In answer to the question, ‘Why does an aeroplane’s wing twist?’ he addresses two issues: twist and the dihedral. Perhaps he should also address ‘angle of attack’.
If you look at a wing, as in the diagram below, you see a flat base and a curved top. As the air flows faster over the curved section, this creates low pressure and the difference from the high pressure base creates lift.
After that comes the Lift/Drag ratio and that depends on a number of things. Suffice to say that the higher the ratio, the more effective is the power.
If the base of an aeroplane’s wing is horizontal to the ground, the plane’s not going to take off; in a not dissimilar way, a sailboat will not go directly upwind. So the whole wing needs angling upwards towards the leading edge and this is angle of attack.
Doug Jackson writes:
In most aircraft, the airfoil twists down as we move along the wing further from the fuselage. This is referred to as "washout." Twist is applied to wings so that the outboard section of the wing does not stall first.
When an aircraft is pitching nose up and increasing its angle of attack, the airflow over the wing eventually reaches a point where it becomes turbulent, causing a loss in lift. By twisting the outboard portion of the wing down, the stall is delayed in that area, simply because the angle of attack is lower in that region.
Why is the outboard portion of the wing so important? It is because that is where the ailerons are located. By maintaining lift on the outboard portion of the wing, the pilot is still able to maintain roll control of the aircraft in the event of a stall.
This phenomenon of twist is well known in the sailing world too and is one reason why the solid wing boats, even Cogito:
… will not replace the soft wing:
… that reason being the capability of a soft sail to twist at the top. Cogito, in the top pic, was able, at great expense, to create twist and thus was untouchable on the race course. It’s the world champion.
Back to aeroplanes.
Dihedral is the upward angle of the wing from the vertical when seen from the front, or nose of the aircraft. If each wing is angled 5° up from the horizontal, then the wing is said to have 5° of dihedral.
Here is an example of dihedral:
The opposite of dihedral is called anhedral, and, of course, refers to a wing that is angled down. A good example of an aircraft with geometric anhedral is the Sea Harrier:
Effective dihedral is a little different:
Many aspects of an aircraft's configuration can effect its effective dihedral, but two major components are wing sweep and the wing location with respect to the fuselage (such as a low wing or high wing). As a rough estimation, 10° of sweepback on a wing provides about 1° of effective dihedral, while a high wing configuration can provide about 5° of effective dihedral over a low wing configuration.
All this talk of anhedral and dihedral leads to the question of why one would want use either of these on an aircraft. The simple answer is they provide lateral (roll) stability. Let's consider an aircraft rolling to the right. As it does so, the right wing produces more lift than left wing, causing the rolling motion. At the same time, however, this increased lift creates an increased drag, which causes the aircraft to yaw to the left, an effect known as adverse yaw. This is why pilots need to apply rudder in the direction of the turn.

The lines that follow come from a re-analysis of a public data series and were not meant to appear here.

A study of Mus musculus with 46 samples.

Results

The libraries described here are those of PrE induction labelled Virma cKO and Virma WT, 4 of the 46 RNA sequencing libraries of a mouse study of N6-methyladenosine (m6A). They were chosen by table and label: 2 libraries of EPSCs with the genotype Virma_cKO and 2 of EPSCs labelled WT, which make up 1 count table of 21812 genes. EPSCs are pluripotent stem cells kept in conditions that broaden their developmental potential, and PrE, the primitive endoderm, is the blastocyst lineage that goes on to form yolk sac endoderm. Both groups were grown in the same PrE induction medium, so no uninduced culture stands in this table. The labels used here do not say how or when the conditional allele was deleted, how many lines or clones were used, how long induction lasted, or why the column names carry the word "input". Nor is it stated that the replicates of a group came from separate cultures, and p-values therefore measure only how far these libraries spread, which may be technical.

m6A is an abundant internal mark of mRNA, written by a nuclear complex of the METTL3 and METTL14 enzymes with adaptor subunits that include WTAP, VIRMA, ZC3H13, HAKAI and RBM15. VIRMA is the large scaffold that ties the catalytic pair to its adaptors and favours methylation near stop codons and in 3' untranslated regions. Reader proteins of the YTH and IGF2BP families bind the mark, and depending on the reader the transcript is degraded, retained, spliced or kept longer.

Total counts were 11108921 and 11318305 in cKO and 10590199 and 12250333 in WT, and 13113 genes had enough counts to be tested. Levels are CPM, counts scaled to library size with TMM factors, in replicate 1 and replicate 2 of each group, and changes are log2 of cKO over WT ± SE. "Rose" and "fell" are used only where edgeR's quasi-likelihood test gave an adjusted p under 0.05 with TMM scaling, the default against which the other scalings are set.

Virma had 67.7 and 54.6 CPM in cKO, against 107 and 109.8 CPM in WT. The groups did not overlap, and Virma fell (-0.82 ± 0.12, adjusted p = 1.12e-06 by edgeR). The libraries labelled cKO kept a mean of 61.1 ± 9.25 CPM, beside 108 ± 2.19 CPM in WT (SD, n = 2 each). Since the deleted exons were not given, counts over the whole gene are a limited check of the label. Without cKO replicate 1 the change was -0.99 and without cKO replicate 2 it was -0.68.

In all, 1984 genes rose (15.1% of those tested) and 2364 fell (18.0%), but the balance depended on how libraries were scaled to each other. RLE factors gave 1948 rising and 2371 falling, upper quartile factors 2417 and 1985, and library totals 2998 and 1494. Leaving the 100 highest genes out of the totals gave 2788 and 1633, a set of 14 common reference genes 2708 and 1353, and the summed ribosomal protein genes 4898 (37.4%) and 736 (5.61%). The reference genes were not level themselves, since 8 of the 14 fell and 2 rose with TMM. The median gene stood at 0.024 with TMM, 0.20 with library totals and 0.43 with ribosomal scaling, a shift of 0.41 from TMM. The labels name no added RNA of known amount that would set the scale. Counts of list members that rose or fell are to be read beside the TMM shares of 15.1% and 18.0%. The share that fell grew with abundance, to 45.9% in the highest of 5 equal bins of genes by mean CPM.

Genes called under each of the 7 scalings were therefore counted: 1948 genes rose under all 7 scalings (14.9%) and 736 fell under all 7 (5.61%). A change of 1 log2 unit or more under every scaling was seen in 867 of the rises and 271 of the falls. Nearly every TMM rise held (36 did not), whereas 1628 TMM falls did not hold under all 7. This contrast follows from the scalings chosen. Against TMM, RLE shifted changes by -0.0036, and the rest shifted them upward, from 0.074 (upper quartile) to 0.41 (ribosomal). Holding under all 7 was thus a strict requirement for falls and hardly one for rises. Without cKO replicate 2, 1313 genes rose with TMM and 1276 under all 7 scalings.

Now let's consider the advantages of dihedral. When an aircraft with dihedral is yawing to the left, the dihedral causes the left wing to experience a greater angle of attack, which increases lift. This increased lift tends to cause the aircraft to then return to level flight. I know this is very confusing in words, but if you stick your arms out in the air and recreate all of these motions, it should make sense.
The end result of all of this is that dihedral tends to make an aircraft more stable.
For some aircraft, like fighters, stability really isn't a good thing. A slight instability in an aircraft leads to increased maneuverability, which is highly desirable in fighter and attack aircraft. This is why most aerobatic planes and military fighters utilize some amount of anhedral.
I know the Spitfire used dihedral:
… and was a fighter but almost all modern fighters use anhedral, e.g. the F18:
Large transports have both a high wing and a considerable amount of wing sweep, both of which create a large amount of effective dihedral. To counteract this large amount of dihedral, some geometric anhedral is required. Otherwise the aircraft would be overly stable, making turns extremely difficult, and an aircraft that can only fly in one direction isn't much use to anyone.
Anhedral applies to bombers as well.
It’s been shown in both the aeronautical world and in the aquanautical, that if you put perpendicular or angled tips on the ends of the wings [foils], you increase their efficiency.
This is because of the theory of flight. Those unbalanced pressures above and below the wing [or to windward and leeward in a yacht], cause air to try to make its way around the tip to the other side, creating vortices and drag.
To avoid this, rivet a vertical panel on the end of the wing and you’ve instantly increased the wing’s efficiency. This especially applies to yacht keels and was the centre of the controversy over Australia II’s victory in the America’s Cup in 1983.
So, you either know all this already or now you’ll look more closely at wings next time you’re near them.